If you told me, at the beginning of the summer, that I would become obsessed with a video game where a fairly rotund diver spent his mornings harpooning random fish and his evenings managing a sushi restaurant, I might have been pretty surprised.
But Dave the Diver, a recent Steam game that is well-suited for the Steam Deck, has found a winning formula with its action/simulation/RPG mechanics—and I am apparently not alone in feeling this way, as the game has gotten rave reviews from pretty much every site on the internet that publishes reviews. The game is reportedly topping the charts for playtime on Steam.
There’s a reason for this. Harpooning fish, an extremely niche activity in the real world, proves exciting in a video game, especially when the fish are large. Because of the way oceans work, the activity offers natural variety from a gameplay mechanic standpoint. The deeper you go, the harder the challenge. Near the top, you might catch some clownfish or blue tang, which each only go for a couple bucks in the sushi restaurant. But as you get deeper, the fish get more complex, and require different tactics to keep at bay. You have weapons, including harpoons, guns, knives, nets, and baseball bats, to rein these fish in, and whatever you capture directly influences what you serve to customers on the surface. (While the game clearly features some free-to-play game mechanics, it is not free-to-play—also refreshing.)
The AI patterns for each of the fish add to the challenges. Tuna, an eventual menu staple, often zooms past you in synchronized schools, making them hard to catch. One shark might slowly bite hard in your direction; another might dart so quickly that you have to react immediately. And some fish may just come up to you to try to make your life miserable—and cause you to use up your oxygen.
Moving the underwater setting out of it, Dave the Diver reminds me of two of my all-time favorite video games, both for the Super NES—ActRaiser and Legend of the Mystical Ninja. The comparison points for each are a little different, but they come down to this:
- Like ActRaiser, it neatly splits simulation activity (running and managing a restaurant in Dave’s case; building a city in ActRaiser’s) with action-packed stages. This means you aren’t stuck playing one type of game.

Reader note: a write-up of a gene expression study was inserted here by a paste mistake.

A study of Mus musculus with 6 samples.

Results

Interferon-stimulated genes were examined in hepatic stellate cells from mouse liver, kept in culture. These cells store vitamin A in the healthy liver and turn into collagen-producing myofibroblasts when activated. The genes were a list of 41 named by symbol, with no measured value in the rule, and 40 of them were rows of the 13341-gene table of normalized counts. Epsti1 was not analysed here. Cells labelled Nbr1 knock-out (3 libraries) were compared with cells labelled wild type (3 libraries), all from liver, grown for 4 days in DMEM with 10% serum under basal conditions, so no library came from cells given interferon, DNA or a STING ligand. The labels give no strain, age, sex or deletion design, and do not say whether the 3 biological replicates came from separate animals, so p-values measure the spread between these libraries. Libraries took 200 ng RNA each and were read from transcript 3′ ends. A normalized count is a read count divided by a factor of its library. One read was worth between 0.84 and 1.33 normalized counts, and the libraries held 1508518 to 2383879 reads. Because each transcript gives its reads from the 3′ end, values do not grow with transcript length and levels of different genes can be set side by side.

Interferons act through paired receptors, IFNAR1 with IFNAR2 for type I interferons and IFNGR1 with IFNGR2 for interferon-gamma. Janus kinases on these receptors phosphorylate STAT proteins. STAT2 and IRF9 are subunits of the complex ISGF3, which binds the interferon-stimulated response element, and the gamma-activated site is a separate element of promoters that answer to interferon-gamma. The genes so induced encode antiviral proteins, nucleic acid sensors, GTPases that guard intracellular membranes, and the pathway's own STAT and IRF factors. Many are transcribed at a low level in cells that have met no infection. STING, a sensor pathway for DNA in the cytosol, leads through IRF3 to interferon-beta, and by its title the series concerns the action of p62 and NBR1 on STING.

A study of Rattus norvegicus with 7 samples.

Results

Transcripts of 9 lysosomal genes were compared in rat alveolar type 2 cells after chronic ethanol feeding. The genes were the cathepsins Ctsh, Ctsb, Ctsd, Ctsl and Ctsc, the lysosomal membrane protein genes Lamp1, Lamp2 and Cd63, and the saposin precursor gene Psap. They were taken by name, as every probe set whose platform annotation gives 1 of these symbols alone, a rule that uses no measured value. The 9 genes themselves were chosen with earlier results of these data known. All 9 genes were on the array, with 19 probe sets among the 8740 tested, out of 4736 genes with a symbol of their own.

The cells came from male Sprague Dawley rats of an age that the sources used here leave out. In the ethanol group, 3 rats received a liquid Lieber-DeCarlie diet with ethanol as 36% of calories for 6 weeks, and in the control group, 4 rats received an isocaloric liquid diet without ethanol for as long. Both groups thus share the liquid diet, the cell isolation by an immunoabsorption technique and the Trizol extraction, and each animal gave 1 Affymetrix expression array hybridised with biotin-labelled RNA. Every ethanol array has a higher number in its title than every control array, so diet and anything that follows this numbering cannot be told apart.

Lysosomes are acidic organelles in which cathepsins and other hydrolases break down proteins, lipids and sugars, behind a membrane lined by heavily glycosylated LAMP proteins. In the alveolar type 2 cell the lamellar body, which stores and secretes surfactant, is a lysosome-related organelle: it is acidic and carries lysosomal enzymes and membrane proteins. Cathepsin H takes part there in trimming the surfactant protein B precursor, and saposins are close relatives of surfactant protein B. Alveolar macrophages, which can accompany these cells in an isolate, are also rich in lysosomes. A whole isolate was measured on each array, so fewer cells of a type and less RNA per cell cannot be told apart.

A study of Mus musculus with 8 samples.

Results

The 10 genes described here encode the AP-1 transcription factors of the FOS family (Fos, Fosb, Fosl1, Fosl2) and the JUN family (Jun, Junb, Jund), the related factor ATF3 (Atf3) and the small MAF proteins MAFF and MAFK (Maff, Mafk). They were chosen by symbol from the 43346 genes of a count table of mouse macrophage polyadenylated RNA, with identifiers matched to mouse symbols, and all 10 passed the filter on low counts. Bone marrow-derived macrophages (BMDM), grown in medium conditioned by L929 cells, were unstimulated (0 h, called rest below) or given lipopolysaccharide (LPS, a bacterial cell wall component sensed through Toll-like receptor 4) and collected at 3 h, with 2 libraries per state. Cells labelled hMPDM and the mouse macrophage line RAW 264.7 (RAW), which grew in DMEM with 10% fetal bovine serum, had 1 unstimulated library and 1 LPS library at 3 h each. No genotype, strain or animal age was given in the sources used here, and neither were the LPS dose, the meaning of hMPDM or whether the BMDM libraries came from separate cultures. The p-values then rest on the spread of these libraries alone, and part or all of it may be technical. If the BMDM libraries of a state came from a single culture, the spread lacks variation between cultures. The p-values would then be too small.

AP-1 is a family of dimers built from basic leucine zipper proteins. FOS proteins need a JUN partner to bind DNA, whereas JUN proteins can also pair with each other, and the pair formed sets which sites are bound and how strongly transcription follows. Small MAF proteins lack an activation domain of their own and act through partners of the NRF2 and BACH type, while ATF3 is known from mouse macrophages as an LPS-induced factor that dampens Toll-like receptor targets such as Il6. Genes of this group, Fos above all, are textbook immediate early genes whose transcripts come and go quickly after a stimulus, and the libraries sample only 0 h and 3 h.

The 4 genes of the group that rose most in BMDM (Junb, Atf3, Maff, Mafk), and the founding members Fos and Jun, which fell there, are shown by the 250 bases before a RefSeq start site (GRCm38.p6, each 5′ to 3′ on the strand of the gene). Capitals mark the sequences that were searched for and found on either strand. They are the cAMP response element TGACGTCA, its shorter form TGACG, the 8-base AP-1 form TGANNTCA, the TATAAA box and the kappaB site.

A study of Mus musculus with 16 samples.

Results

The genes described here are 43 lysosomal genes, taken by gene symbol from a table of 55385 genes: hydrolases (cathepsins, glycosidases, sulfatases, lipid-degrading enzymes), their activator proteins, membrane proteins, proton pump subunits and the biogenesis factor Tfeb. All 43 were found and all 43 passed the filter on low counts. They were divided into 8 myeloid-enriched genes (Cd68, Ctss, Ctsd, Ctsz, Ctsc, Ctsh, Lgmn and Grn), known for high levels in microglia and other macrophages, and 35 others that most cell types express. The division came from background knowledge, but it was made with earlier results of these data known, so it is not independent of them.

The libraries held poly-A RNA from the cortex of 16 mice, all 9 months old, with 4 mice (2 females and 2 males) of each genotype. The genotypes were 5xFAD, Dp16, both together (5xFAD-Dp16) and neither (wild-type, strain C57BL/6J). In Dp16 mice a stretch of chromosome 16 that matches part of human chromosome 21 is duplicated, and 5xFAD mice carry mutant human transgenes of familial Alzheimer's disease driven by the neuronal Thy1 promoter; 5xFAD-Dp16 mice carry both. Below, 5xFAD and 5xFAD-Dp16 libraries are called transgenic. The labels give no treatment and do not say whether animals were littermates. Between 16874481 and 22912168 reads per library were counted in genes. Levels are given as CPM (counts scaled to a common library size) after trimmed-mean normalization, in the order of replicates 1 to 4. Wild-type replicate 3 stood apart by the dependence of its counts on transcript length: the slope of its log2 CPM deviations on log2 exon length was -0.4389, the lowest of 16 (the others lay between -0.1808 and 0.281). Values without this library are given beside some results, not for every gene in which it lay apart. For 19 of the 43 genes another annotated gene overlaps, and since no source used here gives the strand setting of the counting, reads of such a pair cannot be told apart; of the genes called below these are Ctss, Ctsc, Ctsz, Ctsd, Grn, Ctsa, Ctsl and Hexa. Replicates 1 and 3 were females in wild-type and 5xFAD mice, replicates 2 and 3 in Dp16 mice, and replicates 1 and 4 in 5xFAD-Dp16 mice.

- Like Mystical Ninja, a rare title from Konami’s Ganbare Goemon series that saw U.S. release, there are seemingly endless side quests and additional activities. (One review I read suggested these added quests threaten to topple over the gameplay, but never do.) Because it’s 2023, Dave has a smartphone, opening him up to tasks like following people talking about the restaurant on social media, tracking fish he’s caught, and keeping track of tasks to help maintain the ocean ecosystem. Additionally, Dave, while having some Americanized elements, is clearly the work of an Asian studio (South Korea’s Mintrocket, an arm of the MMORPG pioneers Nexon), and its influences become more obvious as you get deeper into the game. The cut-scenes and witty dialogue will win you over.
The thing that convinced me to give this game a shot was a single reader review that joked that the people who got on the Titan submersible would have been better off playing this game instead. It’s hard to disagree with that. I’ve already put 30 hours in—not quite at the level I devoted to the equally consuming traditional RPG Chained Echoes earlier this year, but certainly on the way.
Anyway, at a time when our culture is dynamic and weird, and we have multiple labor unions striking at once, it’s good to find an experience like Dave the Diver, which somehow hits the hat trick of being a completely unique concept, a deeply exciting game at times and a deeply chill game at others.
Perhaps you, too, will suddenly have a hankering for sushi when all is said and done.